The PSEC-Reform – Facing the consequences of demographic change
The fundamental priority of a welfare state is to maintain social justice and guarantee decent living conditions for its citizens. This duty affects the responsibility for a sustainable relationship between the generations of a nation. In Germany, this relationship is ruled by the “intergenerational contract“. This contract obliges younger generations to provide resources for the older generations in the form of pensions. The idea of redistributing prosperity between generations only works if the relation of younger and older people is in balance. However, the functionality of the redistribution system is currently in danger. By analysing Germany’s demographic development, it is conspicuous that the proportion/share of older people is increasing, while the birth rate decreases. Imbalance affects the prosperity and society structures. While contributions for future employes are growing, the level of pensions will become less. The time for solutions is already overdue, but how could a society handle future problems?
The PSEC-Reform is a policy to bring back stability and justice into Germany´s intergenerational contract. By connecting the technocratic system changes with the demand for more considerate thinking in society, PSEC shows up a way to solve future challenges together.
To prevent employees’ contributions beyond a level of 25 or 26% of their income, we analysed how human resources could be used appropriately in future. By a steadily increasing life expectancy and more flexible workers, we calculated the effects of higher retirement age. A longer employment/occupation relieves workers incomes at about 5% on average, while the level of pensions remains constant. Additional to this, we included a higher sustainability factor from the pension formula, which considers the relationship between payers and gainers. By raising this factor, the smaller group of payers becomes less burdened. The modification of a few scrubs of the pension system produces a sustainable redistribution of consequences and keeps pensions and contribution rates at an adequate level.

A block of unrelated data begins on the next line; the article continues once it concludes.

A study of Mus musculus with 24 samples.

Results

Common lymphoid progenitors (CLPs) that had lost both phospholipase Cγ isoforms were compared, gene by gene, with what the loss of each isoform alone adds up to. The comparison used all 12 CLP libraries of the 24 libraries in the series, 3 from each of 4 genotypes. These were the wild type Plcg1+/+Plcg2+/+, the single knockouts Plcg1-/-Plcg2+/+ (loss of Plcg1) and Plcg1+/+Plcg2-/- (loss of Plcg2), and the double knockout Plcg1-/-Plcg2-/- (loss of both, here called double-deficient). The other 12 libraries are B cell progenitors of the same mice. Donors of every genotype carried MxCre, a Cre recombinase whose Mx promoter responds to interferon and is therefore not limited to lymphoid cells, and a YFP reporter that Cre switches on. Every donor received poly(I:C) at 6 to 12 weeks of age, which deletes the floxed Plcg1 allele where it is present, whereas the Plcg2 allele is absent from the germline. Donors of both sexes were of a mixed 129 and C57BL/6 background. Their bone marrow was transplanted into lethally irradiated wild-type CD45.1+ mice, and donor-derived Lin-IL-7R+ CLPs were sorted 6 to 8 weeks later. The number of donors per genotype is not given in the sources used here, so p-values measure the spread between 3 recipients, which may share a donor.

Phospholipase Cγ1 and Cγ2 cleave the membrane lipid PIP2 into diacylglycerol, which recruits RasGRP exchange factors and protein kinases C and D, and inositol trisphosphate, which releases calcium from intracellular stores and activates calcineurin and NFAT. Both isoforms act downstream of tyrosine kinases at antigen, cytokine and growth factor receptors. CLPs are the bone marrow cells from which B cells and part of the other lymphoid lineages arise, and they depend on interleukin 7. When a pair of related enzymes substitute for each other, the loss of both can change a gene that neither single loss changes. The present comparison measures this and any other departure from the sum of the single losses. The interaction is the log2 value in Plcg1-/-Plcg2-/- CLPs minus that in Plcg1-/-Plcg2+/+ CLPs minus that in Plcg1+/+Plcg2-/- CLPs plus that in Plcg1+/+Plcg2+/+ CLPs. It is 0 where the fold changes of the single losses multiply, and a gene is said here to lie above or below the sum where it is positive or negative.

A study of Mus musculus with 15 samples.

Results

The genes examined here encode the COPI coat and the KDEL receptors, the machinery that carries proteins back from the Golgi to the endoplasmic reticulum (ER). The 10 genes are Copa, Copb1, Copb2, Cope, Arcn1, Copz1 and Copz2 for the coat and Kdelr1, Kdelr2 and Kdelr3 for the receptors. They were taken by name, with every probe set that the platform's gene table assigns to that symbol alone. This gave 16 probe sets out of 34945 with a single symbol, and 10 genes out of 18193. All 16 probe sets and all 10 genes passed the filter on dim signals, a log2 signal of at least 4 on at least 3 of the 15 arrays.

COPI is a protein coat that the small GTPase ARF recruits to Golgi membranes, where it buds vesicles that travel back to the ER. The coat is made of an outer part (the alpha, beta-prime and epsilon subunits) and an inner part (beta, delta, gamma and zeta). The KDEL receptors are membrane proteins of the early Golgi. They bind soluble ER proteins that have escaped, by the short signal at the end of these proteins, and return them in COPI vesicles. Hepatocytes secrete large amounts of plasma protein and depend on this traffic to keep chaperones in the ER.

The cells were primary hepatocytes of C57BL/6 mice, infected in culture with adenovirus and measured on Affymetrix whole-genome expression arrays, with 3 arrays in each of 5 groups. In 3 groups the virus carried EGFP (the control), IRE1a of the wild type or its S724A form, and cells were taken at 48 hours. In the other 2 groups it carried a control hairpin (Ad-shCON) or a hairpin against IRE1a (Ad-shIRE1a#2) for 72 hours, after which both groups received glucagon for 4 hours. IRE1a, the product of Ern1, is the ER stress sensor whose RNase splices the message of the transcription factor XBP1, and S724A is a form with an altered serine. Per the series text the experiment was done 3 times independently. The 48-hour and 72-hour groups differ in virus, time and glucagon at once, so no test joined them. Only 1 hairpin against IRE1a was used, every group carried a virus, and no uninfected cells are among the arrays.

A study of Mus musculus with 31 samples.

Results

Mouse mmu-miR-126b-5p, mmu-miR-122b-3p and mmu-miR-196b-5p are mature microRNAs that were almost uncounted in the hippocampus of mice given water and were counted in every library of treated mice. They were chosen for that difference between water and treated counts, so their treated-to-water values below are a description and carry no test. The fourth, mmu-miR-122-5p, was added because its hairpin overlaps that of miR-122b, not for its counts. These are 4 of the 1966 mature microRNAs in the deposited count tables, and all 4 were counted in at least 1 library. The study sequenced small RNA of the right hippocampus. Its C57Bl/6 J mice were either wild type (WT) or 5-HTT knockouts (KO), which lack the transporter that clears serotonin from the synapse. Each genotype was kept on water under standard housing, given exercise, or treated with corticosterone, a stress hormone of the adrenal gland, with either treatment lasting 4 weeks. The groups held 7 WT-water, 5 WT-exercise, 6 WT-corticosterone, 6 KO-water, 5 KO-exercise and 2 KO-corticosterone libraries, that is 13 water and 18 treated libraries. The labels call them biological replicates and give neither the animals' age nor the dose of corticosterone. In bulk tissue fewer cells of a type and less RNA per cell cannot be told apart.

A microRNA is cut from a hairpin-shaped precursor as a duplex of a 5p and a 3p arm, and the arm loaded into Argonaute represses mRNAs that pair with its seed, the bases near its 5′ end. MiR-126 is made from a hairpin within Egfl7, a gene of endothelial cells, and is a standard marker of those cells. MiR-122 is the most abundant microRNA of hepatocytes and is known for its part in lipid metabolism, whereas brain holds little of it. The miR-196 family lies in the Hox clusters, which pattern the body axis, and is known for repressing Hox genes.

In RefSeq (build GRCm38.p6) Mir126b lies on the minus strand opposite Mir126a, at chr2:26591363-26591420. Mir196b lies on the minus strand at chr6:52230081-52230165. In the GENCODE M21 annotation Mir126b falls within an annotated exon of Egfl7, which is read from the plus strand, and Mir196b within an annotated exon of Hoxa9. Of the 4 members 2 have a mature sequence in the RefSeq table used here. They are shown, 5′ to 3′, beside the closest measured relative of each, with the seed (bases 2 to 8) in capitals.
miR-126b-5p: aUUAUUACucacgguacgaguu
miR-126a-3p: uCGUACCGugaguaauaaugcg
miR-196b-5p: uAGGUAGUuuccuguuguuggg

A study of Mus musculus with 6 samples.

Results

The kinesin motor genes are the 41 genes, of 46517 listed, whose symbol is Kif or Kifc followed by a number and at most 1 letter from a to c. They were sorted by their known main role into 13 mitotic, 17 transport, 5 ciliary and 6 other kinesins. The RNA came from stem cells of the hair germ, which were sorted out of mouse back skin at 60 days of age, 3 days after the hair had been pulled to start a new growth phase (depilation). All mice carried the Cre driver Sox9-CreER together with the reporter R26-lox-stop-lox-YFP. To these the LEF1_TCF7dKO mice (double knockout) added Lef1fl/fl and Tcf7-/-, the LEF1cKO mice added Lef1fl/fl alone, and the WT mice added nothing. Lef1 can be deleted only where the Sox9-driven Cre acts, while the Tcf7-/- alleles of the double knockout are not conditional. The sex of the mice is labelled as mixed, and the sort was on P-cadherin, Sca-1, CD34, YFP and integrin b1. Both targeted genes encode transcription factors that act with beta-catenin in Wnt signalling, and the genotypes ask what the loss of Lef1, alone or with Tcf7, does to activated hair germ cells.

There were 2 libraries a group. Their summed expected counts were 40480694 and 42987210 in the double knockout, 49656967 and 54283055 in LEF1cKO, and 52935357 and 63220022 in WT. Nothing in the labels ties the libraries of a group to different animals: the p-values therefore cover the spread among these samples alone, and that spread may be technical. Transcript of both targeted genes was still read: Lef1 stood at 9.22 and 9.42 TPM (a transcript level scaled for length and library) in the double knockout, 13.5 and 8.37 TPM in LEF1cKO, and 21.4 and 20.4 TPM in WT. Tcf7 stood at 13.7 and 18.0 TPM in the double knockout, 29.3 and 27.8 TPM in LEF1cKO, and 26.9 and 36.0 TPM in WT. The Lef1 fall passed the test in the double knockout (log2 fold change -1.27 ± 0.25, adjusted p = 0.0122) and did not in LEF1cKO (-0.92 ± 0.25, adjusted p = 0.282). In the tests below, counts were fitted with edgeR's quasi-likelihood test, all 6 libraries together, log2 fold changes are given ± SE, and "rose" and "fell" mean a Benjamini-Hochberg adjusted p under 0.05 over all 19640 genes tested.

By considering the distribution of resources between generations, it is eye-catching, that childless people profit more from the pension system instead of those who have children. Due to not existing opportunity costs for children, childless people have better income opportunities and the possibility to gain higher pensions. However, it cannot be acceptable that a system depending on future generations disadvantages its most essential part, the families. By taxing the income of childless people with a small tax rate of 1,78 %, the money could be used to stabilise families and to prevent pensioners from poverty by the financial support of those who depend on a security provision.
The PSEC-Reform focuses on creating a fair redistribution due to the consequences of demographic change. However, the resulting problems cannot be solved without deprivations; some groups have to give. The most crucial part of reforming is to search the dialogue, especially between today´s generations, to win understanding instead of conflicts. The future can only be saved by working together.